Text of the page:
This Blog/Web site is made available by the lawyer or law firm publisher for educational purposes only as well as to give you general information and a general understanding of the law, not to provide specific legal advice. By using this Blog/Web site you understand that there is no attorney-client relationship between you and the Blog/Web site publisher. The Blog/Web site should not be used as a substitute for competent legal advice from a licensed professional attorney in your state.
The Middle Section of the Tennessee Court of Appeals just issued its opinion in Robbins ex rel. Robbins v. Perry County, Tennessee, No. M2008-00548-COA-R3-CV (Tenn. Ct. App. Apr. 28, 2009). The opinion has a good discussion of causation in Tennessee.
The opinion also discusses the standard of review for a Rule 12 motion to dismiss. The Court's discussion is a good refresher to the Tennessee practitioner.
I'm a trial lawyer. And I am very proud of what I do. I help people who for one reason or another can't help themselves. I believe the law is a learned profession, which must be respected. Traditionally, law, religion, and medicine have always been "learned professions." Looking back on this history of human kind, lawyers, religious leaders, and doctors have made things better for us all.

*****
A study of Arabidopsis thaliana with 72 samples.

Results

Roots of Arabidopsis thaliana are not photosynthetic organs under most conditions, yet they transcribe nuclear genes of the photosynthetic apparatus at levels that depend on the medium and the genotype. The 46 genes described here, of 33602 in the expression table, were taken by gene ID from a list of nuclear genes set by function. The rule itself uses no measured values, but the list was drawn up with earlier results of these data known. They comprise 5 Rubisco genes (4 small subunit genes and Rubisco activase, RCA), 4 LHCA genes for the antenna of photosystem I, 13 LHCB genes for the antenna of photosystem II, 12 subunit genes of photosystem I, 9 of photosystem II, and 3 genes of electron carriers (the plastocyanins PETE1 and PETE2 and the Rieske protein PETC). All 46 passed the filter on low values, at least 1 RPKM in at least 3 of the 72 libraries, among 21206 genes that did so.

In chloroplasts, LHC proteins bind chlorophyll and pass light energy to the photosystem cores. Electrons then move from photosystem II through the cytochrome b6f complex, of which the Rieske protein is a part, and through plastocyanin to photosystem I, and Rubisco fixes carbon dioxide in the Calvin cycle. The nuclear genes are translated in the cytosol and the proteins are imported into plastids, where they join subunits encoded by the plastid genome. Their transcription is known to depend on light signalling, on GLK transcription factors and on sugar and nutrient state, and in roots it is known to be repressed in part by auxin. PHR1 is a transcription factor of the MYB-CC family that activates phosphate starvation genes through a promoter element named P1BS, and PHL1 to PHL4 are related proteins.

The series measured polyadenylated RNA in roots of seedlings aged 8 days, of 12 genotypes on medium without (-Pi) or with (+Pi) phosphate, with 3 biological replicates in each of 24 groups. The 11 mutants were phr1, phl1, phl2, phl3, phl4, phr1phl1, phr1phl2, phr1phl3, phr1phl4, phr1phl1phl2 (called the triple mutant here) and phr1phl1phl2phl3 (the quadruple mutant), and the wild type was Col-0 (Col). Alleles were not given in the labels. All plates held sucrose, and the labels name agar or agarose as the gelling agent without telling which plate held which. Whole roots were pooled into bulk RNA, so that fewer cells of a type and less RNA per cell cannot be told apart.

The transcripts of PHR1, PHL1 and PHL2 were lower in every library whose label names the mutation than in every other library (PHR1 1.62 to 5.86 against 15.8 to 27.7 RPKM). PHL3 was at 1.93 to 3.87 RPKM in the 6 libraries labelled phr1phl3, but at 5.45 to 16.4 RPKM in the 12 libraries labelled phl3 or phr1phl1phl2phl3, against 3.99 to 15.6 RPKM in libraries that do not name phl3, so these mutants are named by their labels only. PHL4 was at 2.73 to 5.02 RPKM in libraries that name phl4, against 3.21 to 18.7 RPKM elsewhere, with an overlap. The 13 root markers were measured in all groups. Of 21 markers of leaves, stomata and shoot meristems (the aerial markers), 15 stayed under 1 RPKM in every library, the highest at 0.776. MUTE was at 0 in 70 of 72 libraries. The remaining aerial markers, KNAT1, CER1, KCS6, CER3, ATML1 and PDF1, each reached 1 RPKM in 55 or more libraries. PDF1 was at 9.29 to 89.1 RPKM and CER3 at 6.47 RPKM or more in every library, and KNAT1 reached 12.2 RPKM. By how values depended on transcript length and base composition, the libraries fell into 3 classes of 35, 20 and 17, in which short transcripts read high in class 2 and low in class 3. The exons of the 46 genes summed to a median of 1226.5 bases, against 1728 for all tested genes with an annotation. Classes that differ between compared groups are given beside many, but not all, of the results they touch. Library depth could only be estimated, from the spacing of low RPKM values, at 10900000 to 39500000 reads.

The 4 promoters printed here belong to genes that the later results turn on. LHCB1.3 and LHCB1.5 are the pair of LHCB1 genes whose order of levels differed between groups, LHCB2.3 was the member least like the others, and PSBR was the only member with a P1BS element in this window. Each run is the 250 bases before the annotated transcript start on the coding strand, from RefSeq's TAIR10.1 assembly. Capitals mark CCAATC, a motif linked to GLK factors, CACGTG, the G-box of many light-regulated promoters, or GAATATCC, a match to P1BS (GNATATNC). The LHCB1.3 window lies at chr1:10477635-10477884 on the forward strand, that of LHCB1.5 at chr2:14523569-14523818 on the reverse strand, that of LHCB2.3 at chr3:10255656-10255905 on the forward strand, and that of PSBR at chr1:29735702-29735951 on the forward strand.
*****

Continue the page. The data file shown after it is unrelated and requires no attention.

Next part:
I have heard others say that the only difference between a lawsuit and a back-alley brawl is the law. The law gives someone --- anyone --- who has been wronged, or charged with a crime, the right to go before twelve of his or her peers who will decide what should be done according to the law. This system prevents people from taking the law into their own hands; it prevents anarchy and injustice; and it prevents the few from being oppressed by the many or the strong from oppressing the weak. This right to a jury trial --- to justice --- is sacred. That is why I so strongly oppose those who would do away with it --- and with justice.
This is why I do what I do.
Lastly, I want to leave you with these two verses from the Bible:
1 Woe to those who make unjust laws,
to those who issue oppressive decrees, 2 to deprive the poor of their rights
and withhold justice from the oppressed of my people,
The Western Section of the Tennessee Court of Appeals just issued its opinion in Jackson v. Joyner, No. W2008-00906-COA-R3-CV (Tenn. C.t App. Apr. 7, 2009). It offers a good discussion on expert opinions and their admissibility.